House demolitions hit 12,700 in West Bank and Gaza Strip

The three-story building owned by the al-Sa’afin family, which was destroyed by the Israeli occupying force on 17 March 2003. The body of Mohammed Rajab al-Sa’afin was found under the ruins (Photo: PCHR, 2003)


The total number of Palestinians made homeless by Israeli’s military demolition campaign climbed above 12,000 this month following a rapid acceleration of the policy in Gaza during the first quarter of this year.

Since the beginning of the current strife in September 2000 until April 30 2003, a total of 12,737 people had seen their homes demolished in Gaza and the West Bank. The United Nations Relief and Works Agency for Palestine Refugees (UNRWA), which is responsible for the welfare for almost all of those affected, is trying to raise donor funds to replace the lost shelters in the occupied Palestinian territory.

Recent months have seen a sharp increase in house demolitions in the Gaza Strip. At the end of 2002, total and partial demolitions had until then averaged under 30 per month. In the first three months of 2003, 221 shelters were demolished or damaged beyond repair - making an average of 74 per month. These alone housed 401 families (2,273 persons).

Demolitions often occur late at night with little or no warning. Israeli military units - supported by tanks, APCs and helicopters - enter Palestinian areas to destroy a variety of targeted houses. A great many demolitions have occurred near Gaza’s border with Egypt where Israel is building a security fence. Houses close to settlements are often also destroyed. In some cases the demolished buildings belong to the families of militants or Palestinians detained in Israeli jails. Increasingly, explosives rather than bulldozers are used to destroy property creating widespread collateral damage.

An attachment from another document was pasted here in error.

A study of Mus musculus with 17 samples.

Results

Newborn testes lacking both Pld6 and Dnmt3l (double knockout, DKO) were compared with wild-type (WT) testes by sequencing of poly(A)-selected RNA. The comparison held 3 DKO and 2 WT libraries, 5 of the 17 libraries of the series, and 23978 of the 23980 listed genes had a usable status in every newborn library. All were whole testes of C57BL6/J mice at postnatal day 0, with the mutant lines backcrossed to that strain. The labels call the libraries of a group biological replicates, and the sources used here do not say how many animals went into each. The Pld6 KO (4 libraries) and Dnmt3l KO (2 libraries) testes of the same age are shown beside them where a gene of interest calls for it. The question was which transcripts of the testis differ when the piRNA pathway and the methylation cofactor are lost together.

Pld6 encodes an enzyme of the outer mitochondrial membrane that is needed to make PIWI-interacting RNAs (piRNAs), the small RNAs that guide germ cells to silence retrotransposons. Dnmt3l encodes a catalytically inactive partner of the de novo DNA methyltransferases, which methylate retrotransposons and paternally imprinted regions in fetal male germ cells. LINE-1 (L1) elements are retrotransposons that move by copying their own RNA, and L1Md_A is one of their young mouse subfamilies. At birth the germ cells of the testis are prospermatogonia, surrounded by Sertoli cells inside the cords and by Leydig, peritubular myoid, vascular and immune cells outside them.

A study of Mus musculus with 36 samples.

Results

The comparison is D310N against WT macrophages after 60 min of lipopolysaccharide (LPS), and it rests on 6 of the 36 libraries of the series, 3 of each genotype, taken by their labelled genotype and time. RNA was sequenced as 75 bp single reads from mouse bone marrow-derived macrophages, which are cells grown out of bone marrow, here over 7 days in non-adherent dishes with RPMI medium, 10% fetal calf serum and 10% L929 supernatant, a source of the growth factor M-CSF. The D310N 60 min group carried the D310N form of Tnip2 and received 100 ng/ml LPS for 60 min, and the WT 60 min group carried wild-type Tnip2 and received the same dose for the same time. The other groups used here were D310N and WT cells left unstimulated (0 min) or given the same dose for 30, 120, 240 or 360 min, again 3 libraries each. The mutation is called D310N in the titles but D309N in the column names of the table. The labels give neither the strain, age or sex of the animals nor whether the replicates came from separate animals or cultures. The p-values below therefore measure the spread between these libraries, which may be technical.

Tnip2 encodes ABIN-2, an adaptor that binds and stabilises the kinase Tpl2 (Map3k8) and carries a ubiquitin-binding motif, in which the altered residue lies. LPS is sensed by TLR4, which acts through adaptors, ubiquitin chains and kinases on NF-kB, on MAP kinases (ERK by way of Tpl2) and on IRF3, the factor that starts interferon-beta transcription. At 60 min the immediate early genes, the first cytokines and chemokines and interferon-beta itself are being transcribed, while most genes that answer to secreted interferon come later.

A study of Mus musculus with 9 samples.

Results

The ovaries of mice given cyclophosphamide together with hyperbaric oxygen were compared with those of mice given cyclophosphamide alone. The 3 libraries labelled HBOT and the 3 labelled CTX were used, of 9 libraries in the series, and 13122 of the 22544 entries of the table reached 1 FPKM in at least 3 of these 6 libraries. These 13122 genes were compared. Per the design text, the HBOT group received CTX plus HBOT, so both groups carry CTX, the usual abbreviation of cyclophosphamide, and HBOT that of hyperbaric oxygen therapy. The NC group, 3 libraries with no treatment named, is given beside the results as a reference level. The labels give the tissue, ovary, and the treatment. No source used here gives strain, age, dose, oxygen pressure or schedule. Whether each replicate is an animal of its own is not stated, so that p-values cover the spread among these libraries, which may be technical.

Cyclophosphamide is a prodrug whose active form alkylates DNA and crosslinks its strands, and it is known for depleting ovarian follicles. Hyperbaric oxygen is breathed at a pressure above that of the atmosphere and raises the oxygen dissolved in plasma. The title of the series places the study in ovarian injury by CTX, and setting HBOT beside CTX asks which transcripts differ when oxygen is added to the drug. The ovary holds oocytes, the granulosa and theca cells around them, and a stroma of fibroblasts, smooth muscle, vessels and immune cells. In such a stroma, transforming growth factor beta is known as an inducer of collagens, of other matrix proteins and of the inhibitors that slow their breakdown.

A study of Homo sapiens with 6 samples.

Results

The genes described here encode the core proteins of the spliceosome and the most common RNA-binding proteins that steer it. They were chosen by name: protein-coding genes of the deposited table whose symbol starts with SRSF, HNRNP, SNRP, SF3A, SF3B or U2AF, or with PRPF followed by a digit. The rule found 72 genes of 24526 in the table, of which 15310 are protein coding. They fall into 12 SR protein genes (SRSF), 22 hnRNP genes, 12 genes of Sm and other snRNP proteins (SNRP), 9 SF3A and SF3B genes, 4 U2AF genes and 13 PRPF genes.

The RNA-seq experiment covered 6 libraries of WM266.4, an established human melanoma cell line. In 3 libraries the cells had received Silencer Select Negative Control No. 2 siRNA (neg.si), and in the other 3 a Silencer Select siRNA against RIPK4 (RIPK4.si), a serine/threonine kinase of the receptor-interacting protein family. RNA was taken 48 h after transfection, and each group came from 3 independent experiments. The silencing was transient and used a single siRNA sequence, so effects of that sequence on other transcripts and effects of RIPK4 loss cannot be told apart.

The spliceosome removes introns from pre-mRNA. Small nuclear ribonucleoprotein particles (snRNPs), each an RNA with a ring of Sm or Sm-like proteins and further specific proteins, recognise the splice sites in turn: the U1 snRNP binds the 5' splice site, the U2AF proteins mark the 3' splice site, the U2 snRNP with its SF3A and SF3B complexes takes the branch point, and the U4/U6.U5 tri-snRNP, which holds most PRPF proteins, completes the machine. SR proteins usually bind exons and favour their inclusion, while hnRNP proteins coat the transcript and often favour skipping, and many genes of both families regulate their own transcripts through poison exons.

UNRWA has so far been able to complete only 158 new shelters for homeless families and is working on 160 more. A further 471 shelters, including those destroyed in Jenin in April 2002, are at the planning and design stage, but security concerns have caused delays to rebuilding.

Peter Hansen, UNRWA’s Commissioner-General, is currently visiting the Nordic countries for meetings with Governments in the region. He said: “Even as we rebuild, it is impossible for UNRWA to keep pace with the current level of destruction in the occupied territory. Even if peace were to break out tomorrow there would be an ongoing need for funds for reconstruction to help all those families who have lost their homes in this conflict.”

Mr Hansen will discuss donor funding for UNRWA’s emergency operations and the humanitarian situation in the occupied Palestinian territory in a series of meetings with the Governments of Denmark, Sweden, Norway and Finland and with regional NGOs.

Note to Editors: UNRWA (the United Nations Relief and Works Agency for Palestine Refugees) is a relief and human development agency, providing education, healthcare, social services and emergency relief to over four million refugees living in the Gaza Strip, the West Bank, Jordan, Lebanon and the Syrian Arab Republic.

For more information contact: Kim Garval at the UN Information Centre Copenhagen on (45) 35 46 73 00 or Paul McCann at UNRWA HQ Gaza on (972) 8 677 7526.